DEGREE: BS, kinesiology, College of Public Health, 2002
OCCUPATION: Pro practitioner
As the crowd cheers, Cleveland Cavaliers forward LeBron James drives downcourt to the basket, jumps into the air and shoves the ball through the net. But coming down, James falls to the floor, where he grabs his ankle and winces.
As soon as the referee’s whistle stops the game, Stephen Spiro, CPH ’02, the Cavaliers’ head athletic trainer, rushes from his courtside seat to attend to the basketball superstar.
James is not injured, but Spiro advises him to take a break from the game to rest his leg.
“There’s no secret formula to preventing injuries,” Spiro says. “If a guy lands on someone’s foot, I can’t prevent an ankle sprain. But what I can do is pick them up and help them heal once an injury occurs.”
Spiro doesn’t just try to prevent and respond to players’ injuries, he works to improve athletic performance, as well.
“These guys already have great skills. What I try to do is positively influence their game by a few percentage points,” he says. “If I can get them to perform even 2 percent better out on the floor, then I’m doing my job.”
That job is what Spiro was hoping for when he enrolled in Temple’s Kinesiology program. “I was looking for a way to combine medicine—my father was a physician’s assistant—and my love of sports,” he says. “Temple has a great athletic training program and great people.”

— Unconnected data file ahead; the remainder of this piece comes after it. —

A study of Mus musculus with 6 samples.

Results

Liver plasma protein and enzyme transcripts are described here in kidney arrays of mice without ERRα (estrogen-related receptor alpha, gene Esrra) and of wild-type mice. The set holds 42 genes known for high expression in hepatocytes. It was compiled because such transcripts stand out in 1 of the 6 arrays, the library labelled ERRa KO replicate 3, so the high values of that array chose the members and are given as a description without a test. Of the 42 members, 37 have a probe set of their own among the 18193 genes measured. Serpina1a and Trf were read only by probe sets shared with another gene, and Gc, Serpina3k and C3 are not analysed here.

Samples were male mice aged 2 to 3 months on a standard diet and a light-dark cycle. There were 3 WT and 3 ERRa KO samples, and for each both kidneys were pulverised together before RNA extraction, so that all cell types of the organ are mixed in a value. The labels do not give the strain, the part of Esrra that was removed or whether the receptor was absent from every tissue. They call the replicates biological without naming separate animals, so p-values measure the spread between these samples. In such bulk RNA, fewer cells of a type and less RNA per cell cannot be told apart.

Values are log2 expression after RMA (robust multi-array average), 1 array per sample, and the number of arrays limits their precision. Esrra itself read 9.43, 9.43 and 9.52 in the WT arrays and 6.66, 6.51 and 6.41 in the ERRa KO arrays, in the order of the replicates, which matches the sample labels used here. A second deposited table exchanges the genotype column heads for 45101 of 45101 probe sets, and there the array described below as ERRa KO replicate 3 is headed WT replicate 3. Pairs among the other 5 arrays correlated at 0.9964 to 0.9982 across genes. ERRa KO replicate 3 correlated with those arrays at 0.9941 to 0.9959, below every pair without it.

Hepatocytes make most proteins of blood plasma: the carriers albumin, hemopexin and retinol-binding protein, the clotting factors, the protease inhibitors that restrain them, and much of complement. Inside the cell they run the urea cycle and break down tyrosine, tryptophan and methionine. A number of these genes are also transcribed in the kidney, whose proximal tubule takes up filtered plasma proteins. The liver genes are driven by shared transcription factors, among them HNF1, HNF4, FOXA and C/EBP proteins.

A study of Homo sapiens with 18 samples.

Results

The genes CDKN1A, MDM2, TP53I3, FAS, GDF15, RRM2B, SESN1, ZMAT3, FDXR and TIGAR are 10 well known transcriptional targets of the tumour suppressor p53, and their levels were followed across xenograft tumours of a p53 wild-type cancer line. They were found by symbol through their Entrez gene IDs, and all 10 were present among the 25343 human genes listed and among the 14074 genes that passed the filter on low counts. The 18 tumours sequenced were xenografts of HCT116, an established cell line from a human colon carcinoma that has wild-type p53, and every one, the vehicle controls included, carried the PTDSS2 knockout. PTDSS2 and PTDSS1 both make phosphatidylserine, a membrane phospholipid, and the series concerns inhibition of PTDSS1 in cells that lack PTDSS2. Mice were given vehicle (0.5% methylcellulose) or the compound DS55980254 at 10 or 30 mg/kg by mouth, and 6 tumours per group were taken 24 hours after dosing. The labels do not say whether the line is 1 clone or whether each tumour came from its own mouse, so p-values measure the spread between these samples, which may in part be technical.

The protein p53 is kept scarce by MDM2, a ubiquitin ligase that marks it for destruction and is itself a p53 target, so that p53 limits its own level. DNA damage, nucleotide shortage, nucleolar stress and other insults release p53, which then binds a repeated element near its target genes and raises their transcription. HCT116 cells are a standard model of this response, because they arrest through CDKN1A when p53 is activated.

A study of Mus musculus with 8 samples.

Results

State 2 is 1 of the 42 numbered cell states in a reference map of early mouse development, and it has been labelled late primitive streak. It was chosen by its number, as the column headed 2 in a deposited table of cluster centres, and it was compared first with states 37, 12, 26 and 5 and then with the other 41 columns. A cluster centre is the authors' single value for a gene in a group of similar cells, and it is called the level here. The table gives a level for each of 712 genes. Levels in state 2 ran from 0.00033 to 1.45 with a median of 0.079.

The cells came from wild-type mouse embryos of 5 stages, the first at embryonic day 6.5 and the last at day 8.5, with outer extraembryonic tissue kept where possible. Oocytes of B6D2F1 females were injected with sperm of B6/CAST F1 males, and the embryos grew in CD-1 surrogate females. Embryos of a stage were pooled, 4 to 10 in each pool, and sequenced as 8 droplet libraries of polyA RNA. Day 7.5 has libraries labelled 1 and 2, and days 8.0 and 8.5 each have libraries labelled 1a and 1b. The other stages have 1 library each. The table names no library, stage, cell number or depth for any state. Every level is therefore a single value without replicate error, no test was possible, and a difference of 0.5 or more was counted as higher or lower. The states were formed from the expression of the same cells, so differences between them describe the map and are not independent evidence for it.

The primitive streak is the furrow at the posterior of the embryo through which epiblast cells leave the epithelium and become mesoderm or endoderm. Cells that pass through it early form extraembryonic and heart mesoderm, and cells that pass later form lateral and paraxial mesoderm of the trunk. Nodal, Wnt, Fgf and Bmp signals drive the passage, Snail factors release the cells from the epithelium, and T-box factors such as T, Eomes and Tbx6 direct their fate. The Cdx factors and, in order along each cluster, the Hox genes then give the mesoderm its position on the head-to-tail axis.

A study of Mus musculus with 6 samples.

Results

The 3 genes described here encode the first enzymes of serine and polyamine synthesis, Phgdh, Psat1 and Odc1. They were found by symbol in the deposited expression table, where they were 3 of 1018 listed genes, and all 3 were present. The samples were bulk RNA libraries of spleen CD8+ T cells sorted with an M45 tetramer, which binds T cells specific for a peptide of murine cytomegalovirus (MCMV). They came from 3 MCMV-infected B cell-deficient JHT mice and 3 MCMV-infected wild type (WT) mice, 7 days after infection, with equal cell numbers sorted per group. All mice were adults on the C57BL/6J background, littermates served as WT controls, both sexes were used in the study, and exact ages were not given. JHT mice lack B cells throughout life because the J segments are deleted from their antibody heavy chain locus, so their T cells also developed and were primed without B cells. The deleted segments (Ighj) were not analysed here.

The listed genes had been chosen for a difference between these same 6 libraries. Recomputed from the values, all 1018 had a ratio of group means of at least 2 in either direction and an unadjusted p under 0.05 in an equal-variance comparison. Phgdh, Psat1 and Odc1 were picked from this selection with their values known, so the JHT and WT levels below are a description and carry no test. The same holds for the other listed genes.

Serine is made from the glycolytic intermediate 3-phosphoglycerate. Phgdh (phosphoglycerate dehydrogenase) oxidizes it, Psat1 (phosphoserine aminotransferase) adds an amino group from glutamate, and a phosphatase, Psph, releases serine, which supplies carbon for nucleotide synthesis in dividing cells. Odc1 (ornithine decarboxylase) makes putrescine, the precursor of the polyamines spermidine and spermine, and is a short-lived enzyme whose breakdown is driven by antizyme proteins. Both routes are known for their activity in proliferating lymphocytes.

He still considers Temple’s former men’s basketball Coach John Chaney and current Head Coach Fran Dunphy as his mentors. “I wouldn’t be here today without their love and guidance.”
Spiro went on to earn a master’s degree in sports medicine at Florida’s Miami University. After a stint in professional baseball with the Pawtucket, Rhode Island, Red Sox, he returned to Temple as an assistant athletic trainer responsible for the men’s basketball team. He joined the Cavaliers as an assistant in 2010 and was promoted to his current position in 2013.
On the sidelines at Cavaliers games, Spiro wears a tie and sweater, but when he’s at home watching sports on TV, he gets his cherry on. “I still have all my Temple shirts,” he says with a laugh. “Temple is home away from home for me.”